At least one dog involved in a vicious attack at a Pembina Highway motel Saturday is an American pit bull terrier, a breed prohibited by the city.
The dog was one of four found near the Capri Motel, where two men were attacked and taken to hospital with what police called "severe, life-altering injuries." Two dogs were found and put down by police, while two others were hit by a car.
The pit bull terrier, who is fully grown, was one of the dogs hit. The other, a puppy, is too young for animal services to confirm its breed, a city spokesperson said. The dogs who were put down won’t be examined to determine the breed, they added.
Since 1990, after the city had dealt with a series of incidents involving the breed, pit bulls were made a prohibited dog breed within Winnipeg. The responsible pet ownership bylaw now includes bans on American pit bull terriers, Staffordshire bull terriers, and the American Staffordshire terrier.
Keeping or harbouring a prohibited animal in Winnipeg is subject to a $1,000 fine.
Bans on specific breeds have been opposed by animal organizations, and the Winnipeg Humane Society has previously called for the policies to be revisited. The American Society for the Prevention of Cruelty to Animals has opposed breed bans outright.
"The reality is that dogs of many breeds can be selectively bred or trained to develop aggressive traits," the ASPCA position states. "Laws that ban particular breeds of dogs...create the illusion, but not the reality, of public safety."
Instead, the ASPCA calls for breed-neutral "dangerous dog" laws, which put the onus on owners instead of the canines. Advocates in Winnipeg have been calling for the ban to be lifted for years, with some calling for similar guidelines for ownership as the ASPCA.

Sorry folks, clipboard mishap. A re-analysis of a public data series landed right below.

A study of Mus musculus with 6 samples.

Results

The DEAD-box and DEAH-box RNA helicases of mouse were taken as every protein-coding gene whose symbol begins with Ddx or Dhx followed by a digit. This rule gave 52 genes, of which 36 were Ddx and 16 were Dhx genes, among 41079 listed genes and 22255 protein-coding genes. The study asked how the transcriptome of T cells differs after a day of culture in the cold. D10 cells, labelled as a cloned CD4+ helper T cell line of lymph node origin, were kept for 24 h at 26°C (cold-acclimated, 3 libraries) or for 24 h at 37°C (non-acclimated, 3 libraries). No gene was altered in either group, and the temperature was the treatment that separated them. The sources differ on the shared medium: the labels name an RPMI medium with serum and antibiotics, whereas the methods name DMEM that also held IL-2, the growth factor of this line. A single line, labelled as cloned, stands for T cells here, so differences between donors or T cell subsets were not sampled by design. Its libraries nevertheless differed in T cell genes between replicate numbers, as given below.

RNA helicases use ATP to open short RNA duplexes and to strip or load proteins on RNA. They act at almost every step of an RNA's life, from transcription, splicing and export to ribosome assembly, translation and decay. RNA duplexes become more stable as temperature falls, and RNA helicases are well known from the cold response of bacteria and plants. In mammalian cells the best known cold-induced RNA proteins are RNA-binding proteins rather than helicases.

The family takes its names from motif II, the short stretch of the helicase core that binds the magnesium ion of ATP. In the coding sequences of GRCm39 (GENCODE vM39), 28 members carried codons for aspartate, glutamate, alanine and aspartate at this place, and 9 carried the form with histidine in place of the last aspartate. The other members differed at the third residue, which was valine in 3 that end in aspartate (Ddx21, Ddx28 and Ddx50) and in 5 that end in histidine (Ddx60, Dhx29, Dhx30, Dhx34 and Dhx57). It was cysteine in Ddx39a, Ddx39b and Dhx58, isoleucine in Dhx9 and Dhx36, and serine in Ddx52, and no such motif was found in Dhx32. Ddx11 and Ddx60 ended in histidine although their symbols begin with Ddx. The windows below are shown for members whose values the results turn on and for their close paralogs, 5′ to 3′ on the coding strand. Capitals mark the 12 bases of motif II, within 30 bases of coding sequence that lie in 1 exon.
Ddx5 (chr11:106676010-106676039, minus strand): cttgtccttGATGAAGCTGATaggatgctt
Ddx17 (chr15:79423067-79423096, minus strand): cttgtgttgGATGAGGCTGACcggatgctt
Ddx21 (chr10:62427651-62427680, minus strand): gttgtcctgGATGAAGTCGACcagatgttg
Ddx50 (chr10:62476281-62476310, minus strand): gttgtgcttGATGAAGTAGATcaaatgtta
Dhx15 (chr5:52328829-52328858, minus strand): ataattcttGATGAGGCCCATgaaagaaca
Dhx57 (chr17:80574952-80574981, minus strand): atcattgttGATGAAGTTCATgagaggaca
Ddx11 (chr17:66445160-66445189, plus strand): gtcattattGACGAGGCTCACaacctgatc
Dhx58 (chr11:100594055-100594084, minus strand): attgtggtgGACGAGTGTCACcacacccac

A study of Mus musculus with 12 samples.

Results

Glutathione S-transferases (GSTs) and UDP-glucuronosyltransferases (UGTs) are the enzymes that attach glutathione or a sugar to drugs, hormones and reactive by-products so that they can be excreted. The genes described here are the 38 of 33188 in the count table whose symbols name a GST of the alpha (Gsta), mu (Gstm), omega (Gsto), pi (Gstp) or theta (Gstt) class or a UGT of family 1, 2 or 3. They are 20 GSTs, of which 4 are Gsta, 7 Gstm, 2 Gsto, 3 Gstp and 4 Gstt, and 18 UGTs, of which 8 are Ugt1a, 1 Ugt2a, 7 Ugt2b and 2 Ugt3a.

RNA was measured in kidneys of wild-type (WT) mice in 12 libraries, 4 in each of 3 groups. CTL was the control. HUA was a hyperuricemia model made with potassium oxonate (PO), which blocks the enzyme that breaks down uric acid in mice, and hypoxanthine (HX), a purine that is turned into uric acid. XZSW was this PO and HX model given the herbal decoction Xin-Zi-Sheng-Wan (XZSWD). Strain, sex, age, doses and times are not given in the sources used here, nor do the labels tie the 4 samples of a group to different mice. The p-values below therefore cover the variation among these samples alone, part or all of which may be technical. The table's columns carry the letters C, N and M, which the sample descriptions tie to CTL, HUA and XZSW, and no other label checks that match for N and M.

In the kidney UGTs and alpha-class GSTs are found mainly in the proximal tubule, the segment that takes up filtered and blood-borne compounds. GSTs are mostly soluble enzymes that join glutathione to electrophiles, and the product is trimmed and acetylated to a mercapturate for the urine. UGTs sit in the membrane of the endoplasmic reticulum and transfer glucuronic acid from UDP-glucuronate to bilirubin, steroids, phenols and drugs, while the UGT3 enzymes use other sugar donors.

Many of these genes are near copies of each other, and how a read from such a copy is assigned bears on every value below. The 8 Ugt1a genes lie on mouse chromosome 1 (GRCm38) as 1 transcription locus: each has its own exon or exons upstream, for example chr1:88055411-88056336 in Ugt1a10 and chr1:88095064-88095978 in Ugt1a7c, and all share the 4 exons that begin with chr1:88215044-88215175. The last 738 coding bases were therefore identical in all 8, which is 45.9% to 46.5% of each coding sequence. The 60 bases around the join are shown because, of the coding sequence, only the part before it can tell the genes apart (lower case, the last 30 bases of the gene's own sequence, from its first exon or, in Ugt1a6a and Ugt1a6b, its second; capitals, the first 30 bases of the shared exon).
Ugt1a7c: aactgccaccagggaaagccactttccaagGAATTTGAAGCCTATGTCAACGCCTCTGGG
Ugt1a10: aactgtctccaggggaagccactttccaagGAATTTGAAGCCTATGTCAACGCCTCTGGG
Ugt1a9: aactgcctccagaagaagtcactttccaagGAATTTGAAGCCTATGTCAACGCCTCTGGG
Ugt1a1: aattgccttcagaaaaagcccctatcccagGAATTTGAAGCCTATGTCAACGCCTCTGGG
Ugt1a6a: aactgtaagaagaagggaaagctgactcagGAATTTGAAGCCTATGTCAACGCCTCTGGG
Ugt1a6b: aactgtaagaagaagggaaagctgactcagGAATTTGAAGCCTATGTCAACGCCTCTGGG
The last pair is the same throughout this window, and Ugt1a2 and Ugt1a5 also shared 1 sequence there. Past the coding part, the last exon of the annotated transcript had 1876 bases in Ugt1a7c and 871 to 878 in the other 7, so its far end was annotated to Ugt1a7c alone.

Javier Schwersensky, the Winnipeg Humane Society’s CEO, said any dog can be trained to be aggressive. If that happens, it can be difficult to shift their behaviour, he said.
According to the city spokesperson, none of the dogs had been spayed or neutered, and it’s not believed that any had rabies. The spokesperson didn’t say whether the animals were thought to have been trained to be aggressive.
Bystanders and motel employees told the Free Press Saturday that the incident was a gruesome one. Doors at the motel were splattered with blood, as was the parking lot.
"It was a no-win situation," a tenant said.
The department of animal services declined an interview despite multiple requests, but its chief operating officer told other media that the attack wasn’t random.
"This was dogs that turned on their owner and turned on an acquaintance of that owner who was trying to help," Leland Gordon told CBC.
He also said that all the dogs involved were pitbull-mastiffs, even though the city spokesperson said the breed of three of the four dogs is unknown.
The city spokesperson said that no charges have been laid under the responsible pet ownership bylaw, and that an investigation is ongoing.